Self-Destruct Command Issued For JAXA H3 Rocket

Written by staff writer.

Japan’s space program has suffered a serious setback following the failed maiden launch of its flagship H3 rocket on March 7, 2023. The rocket, touted as a possible competitor to SpaceX’s Falcon 9, was deliberately destroyed minutes after lift-off after the second-stage engine failed to ignite.

The Japan Aerospace Exploration Agency (JAXA) launched the 57-metre-tall rocket from the Tanegashima Space Center at 10.37 am (local time) on Tuesday. Around five and a half minutes after the launch, JAXA issued a stage separation and second-stage ignition command. Ninety seconds later, JAXA’s live stream showed the rocket’s velocity falling, and the space agency could not confirm the ignition of the second-stage engine. JAXA then issued a self-destruct message to the rocket, ending the mission.

It was the second time JAXA had attempted to launch the H3 rocket. In mid-February, the rocket’s then maiden lift-off was aborted at the last minute. Engineers later determined that there was a problem with the electrical system which supplied power to the first-stage engines.

Japan’s Science Minister Keiko Nagaoka called the latest incident “extremely regrettable” and said investigators would work to determine the cause. The H3 rocket is a decade-long joint venture between JAXA and Mitsubishi Heavy Industries and is poised to replace the H-IIA rocket that is due to have its final flight next year. So far, H3 development costs have totalled ¥206 billion (AUD2.3 billion).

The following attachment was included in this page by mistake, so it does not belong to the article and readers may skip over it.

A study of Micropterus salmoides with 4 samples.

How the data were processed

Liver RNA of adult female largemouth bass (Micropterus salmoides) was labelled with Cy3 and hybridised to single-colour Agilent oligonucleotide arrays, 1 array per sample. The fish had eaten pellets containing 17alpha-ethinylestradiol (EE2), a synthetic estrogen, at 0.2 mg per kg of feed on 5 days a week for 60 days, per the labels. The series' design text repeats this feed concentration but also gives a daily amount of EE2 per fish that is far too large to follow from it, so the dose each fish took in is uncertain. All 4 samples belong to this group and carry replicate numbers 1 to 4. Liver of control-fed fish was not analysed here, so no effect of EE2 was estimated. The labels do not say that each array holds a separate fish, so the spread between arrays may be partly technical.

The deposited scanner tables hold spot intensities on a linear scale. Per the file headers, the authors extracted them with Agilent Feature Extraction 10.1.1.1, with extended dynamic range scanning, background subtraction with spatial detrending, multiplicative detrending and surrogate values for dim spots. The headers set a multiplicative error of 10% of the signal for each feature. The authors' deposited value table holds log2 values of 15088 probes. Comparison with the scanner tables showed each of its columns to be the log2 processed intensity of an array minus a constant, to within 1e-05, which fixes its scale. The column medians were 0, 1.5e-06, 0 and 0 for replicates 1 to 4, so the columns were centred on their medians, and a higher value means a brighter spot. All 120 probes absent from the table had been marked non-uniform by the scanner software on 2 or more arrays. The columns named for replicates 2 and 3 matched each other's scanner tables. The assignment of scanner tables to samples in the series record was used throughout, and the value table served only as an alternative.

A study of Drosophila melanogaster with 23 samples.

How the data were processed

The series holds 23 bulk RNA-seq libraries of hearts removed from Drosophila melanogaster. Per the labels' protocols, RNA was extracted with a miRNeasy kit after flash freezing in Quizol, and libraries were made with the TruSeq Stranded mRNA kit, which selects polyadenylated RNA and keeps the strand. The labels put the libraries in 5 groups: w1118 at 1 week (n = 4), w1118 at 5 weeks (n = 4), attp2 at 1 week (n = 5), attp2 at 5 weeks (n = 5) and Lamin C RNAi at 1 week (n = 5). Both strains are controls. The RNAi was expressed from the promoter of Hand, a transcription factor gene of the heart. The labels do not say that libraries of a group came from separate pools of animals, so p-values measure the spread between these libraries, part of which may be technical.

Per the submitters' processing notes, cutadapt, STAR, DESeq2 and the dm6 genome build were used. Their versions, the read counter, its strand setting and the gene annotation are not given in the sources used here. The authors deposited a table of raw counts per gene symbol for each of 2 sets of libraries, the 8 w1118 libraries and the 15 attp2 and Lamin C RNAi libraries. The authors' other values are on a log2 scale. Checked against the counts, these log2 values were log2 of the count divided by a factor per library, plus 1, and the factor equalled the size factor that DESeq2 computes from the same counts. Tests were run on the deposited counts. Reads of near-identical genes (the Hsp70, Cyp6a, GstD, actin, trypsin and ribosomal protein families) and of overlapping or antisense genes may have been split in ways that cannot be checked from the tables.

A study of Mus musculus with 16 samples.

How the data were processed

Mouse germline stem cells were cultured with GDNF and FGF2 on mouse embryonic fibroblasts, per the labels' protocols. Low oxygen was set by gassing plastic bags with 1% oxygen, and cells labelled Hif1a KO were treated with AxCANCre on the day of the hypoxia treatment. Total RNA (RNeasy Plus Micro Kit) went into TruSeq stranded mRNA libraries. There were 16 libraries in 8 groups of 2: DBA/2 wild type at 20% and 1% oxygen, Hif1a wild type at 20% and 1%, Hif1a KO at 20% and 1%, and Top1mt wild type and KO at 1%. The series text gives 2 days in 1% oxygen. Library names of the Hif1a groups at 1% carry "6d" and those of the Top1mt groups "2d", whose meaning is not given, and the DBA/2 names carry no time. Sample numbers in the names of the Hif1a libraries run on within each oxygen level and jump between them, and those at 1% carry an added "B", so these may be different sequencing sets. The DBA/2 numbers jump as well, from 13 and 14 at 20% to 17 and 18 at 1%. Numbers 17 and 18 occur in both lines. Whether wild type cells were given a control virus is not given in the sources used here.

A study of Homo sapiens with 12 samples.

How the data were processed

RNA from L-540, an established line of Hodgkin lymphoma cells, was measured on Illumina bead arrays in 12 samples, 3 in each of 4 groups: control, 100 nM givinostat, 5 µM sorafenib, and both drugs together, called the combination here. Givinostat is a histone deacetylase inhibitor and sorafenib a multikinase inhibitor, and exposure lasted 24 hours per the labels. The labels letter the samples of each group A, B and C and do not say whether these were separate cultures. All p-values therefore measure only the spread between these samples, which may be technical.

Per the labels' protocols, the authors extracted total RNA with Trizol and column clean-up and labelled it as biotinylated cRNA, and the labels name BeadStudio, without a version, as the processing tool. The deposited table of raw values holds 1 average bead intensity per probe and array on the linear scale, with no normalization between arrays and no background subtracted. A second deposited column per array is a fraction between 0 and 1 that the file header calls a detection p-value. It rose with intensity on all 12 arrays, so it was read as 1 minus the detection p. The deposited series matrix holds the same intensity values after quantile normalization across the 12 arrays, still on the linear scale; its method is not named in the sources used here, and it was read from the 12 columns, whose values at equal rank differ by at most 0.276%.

Fuelled by LE-9 liquid hydrogen-liquid oxygen engines, the H3 rocket is designed to be inexpensive, reliable, flexible, and facilitate Japan’s entry into the commercial space sector. Onboard this week’s flight was JAXA’s Advanced Land Observing Satellite-3 “DAICHI-3” (ALOS-3). The satellite was to serve as a land observation and disaster management vehicle. There are also reports that the satellite was equipped with an experimental sensor to detect North Korean missile launches.

JAXA had hoped to launch the H3 rocket in 2020 and build up to six launches yearly. Engineering problems saw the launch date delayed by three years. Those problems included the discovery of cracks in the first-stage engine, which JAXA later resolved through design changes. In addition to its commercial potential, the Japanese Government sees the program as critical to the country’s sovereign capability to deploy surveillance satellites. The H3 rocket is also expected to support NASA’s Artemis program’s Lunar Gateway project.

However, following the rocket’s destruction this week, Japanese space commentators say there could be significant repercussions and delays for Japan’s space program.

“This will have a serious impact on Japan’s future space policy, space business and technological competitiveness,” Hirotaka Watanabe, an Osaka University space policy professor, told Reuters. “Unlike the previous cancellation and postponement, this time it was a complete failure.”

Koichi Yonemoto, professor of Science at Tokyo University, is quoted in local media saying the failure could have an “extremely large” impact on Japan’s space development strategy. JAXA’s emeritus professor, Yasunori Matogawa, added that unless JAXA quickly determined the cause, “we may lose credibility regarding our entry into the global rocket market.”

JAXA President Hiroshi Yamakawa has apologized for the failed launch, adding that the space agency needs to determine the cause before commenting on its long-term impact on the country’s space program.